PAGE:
Boating costs: the good, the bad and the yet to be discovered

“Living on a boat must be cheaper than living in a flat.”  I hear this a lot.  (I did think it before I started doing research into boat living.)  And the truth is I’m still in the process of working this out.  However, this week, I have had two bills land on my floating doorstep which tell contrary stories about the cost of life on the canals.

I got my first quarterly electricity bill, and I had been a little worried how large this was going to be.  Have a guess. Go on.  I’ll give you a clue; it was not in triple digits.  OK, I’ll give you another clue, it wasn’t even in double digits.

£7.40 for nearly three months electricity.  Granted, a lot of this time I didn’t have a battery charger, I didn’t have running water and so wasn’t using the water pump, and had a few weeks away on holiday.  Even so, I would go so far as to say I’m thrilled with a utility bill for the first time ever.

But before you get too jealous of my cheap living, let me tell you about the other bill.  My calorifier had a small drip on it (I have been warned off calling it a leak, as this apparently makes it sound like I will wake up one morning soon to find water knee-deep around the bed) and so I got the brilliant Jim of Jim’s Mobile Marine Services to come to look at it.  What initially looked like a simple case of a weeping immersion blanking plug (his description; mine was more along the lines of ‘that round brass-looking screw at the bottom’) has turned out to mean a whole new calorifier.  £700 just for parts.  Sigh.  (And it now means, that once again, I am without running water till it gets fixed.  Normal service has been resumed.)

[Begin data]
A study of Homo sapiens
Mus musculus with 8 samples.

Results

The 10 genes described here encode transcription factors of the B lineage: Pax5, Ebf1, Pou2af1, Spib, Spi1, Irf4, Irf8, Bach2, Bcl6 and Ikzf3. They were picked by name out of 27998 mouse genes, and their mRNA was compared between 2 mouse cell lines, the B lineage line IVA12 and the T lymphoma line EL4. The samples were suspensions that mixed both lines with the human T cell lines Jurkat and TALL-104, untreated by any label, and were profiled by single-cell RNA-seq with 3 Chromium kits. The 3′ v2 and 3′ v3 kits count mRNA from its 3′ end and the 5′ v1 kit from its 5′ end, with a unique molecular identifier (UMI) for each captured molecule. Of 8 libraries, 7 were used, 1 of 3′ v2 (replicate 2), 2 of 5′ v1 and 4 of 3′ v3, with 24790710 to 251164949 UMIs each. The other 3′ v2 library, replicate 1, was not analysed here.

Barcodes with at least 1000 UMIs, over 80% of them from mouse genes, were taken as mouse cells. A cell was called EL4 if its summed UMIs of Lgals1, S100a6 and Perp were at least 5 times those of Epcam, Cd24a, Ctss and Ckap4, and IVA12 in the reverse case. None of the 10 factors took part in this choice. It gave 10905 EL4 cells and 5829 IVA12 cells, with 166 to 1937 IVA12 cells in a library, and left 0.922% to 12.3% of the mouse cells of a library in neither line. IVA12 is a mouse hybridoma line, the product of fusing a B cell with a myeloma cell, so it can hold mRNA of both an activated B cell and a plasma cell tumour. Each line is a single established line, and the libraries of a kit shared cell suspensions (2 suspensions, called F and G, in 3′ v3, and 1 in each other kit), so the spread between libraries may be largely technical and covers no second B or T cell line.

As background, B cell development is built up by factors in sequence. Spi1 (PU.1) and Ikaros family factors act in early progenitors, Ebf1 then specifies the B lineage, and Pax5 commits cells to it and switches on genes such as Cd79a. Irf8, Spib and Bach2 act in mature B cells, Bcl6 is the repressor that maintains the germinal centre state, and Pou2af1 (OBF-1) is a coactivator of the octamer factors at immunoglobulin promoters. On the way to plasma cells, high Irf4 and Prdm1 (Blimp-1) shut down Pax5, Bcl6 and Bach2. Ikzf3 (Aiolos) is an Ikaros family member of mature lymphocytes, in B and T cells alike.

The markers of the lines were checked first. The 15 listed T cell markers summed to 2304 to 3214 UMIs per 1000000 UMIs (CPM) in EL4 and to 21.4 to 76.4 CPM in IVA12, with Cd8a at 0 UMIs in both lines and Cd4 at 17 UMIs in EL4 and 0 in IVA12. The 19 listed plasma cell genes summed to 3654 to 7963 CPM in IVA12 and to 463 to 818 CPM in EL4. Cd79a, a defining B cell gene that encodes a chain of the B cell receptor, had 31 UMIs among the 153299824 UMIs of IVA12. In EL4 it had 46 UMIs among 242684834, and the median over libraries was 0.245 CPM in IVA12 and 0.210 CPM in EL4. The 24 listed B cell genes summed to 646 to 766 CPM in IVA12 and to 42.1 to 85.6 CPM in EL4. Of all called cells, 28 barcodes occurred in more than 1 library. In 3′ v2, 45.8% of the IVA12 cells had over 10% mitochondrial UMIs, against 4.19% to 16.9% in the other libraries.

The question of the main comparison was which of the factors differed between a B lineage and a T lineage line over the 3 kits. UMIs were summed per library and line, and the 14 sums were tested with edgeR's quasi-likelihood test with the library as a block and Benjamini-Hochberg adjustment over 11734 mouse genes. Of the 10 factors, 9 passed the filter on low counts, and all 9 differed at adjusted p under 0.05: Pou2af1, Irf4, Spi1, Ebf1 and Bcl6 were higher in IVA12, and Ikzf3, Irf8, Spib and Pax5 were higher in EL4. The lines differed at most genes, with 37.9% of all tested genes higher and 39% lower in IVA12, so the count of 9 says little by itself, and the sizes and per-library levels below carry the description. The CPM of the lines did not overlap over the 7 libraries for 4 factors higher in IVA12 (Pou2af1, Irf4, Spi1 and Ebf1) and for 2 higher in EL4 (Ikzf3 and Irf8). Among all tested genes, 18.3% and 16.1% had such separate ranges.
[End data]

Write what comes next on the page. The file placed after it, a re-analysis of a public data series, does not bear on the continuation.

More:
So some good, some bad.  And the undiscovered:  as I was writing this post, I noticed smoke escaping from my stove at the side.  Which I’m pretty sure is not meant to happen.  Closer inspection reveals a hole in the chimney – I don’t know if that has always been there (or if it’s part of the design even) but I’m pretty sure it’s not supposed to pour out smoke (slight exaggeration) into the cabin.  The learning curve continues.

This blog post was brought to you by ‘Sunny afternoon‘ by The Kinks.